The driver of the train that derailed and killed 79 people in Spain was on the phone and traveling at 95 mph (153 kph) — almost twice the speed limit — when the crash happened last week, according to a preliminary investigation released last month. The train had been going as fast as 119 mph (192 kph) shortly before the derailment, and the driver activated the brakes “seconds before the crash,” according to a written statement from the court in Santiago de Compostela. Investigators obtained the information from two “black box” data recorders recovered from the train. The speed limit on the section of track was 50 mph (80 kph).
The crash occurred near Santiago de Compostela in northwestern Spain, and was the country’s worst rail accident in decades. At press time some 66 people were still hospitalized for injuries, 15 of whom were in critical condition. The driver, Francisco Jose Garzon Amo, was talking on the phone to an official of national rail company Renfe when the crash happened, and apparently was consulting a paper document at the time, according to the statement. Garzon has been provisionally charged with multiple counts of negligent homicide.
It appears that the driver received a call on his work phone in the cabin, not his personal cellphone, to tell him what approach to take toward his final destination. The Renfe employee on the telephone “appears to be a controller,” the statement said. “From the contents of the conversation and from the background noise it seems that the driver (was) consulting a plan or similar paper document,” according to the statement. The train was carrying 218 passengers when it hurtled off the tracks last month during the evening. It slammed into a concrete wall, and some of the cars caught fire. The Spanish rail agency has said the brakes should have been applied four kilometers (2.5 miles) before the train hit the curve.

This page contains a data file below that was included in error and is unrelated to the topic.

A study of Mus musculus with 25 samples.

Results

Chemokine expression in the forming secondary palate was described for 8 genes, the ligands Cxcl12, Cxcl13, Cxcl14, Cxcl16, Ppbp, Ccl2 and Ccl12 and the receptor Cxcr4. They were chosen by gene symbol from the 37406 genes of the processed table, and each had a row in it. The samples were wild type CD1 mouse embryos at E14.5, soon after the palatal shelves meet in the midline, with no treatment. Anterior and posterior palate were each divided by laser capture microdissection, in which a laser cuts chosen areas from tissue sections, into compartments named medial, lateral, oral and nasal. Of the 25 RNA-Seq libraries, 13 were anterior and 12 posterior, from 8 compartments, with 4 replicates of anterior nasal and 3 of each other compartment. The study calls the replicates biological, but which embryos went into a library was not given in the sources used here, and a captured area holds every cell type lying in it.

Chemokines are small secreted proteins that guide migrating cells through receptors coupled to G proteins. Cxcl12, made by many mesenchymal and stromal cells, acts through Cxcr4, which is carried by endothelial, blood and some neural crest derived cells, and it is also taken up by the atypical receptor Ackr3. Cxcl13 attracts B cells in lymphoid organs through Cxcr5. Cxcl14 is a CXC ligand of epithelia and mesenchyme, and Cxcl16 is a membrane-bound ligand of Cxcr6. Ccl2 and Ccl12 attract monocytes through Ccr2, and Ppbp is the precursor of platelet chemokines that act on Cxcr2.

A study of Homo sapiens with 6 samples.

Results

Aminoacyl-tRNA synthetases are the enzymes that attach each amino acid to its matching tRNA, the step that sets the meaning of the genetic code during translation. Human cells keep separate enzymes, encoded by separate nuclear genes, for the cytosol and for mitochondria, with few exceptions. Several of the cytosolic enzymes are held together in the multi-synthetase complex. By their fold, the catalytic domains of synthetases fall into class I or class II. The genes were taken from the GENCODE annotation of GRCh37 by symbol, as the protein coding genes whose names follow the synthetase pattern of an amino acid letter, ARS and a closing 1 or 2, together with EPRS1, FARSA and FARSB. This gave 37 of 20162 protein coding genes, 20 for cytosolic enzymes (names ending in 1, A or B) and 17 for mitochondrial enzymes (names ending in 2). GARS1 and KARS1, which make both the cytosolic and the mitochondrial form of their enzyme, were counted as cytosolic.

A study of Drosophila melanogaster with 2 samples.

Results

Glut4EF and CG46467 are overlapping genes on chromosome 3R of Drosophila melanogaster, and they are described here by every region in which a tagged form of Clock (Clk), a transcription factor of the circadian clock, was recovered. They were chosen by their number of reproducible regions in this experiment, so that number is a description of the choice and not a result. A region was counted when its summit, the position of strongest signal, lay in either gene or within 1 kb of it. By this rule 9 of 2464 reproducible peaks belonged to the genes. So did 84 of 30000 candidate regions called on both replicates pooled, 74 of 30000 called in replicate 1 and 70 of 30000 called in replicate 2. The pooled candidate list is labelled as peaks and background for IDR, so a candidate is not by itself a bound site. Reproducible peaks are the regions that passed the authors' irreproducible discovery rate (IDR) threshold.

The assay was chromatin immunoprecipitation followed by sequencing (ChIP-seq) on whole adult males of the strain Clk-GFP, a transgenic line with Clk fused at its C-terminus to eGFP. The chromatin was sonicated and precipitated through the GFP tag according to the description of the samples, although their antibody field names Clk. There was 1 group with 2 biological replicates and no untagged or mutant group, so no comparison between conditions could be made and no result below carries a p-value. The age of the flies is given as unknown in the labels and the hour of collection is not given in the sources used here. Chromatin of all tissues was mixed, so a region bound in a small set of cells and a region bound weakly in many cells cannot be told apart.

Investigators from the Santiago de Compostela court, forensic police experts, the Ministry of Transport and Renfe examined the contents of the two black boxes recovered from the lead and rear cars of the train. At press time, the investigation was ongoing. The next steps include measuring the wheels on the cars and examining the locomotive. Sniffer dogs have been used to search for human remains in the wreckage.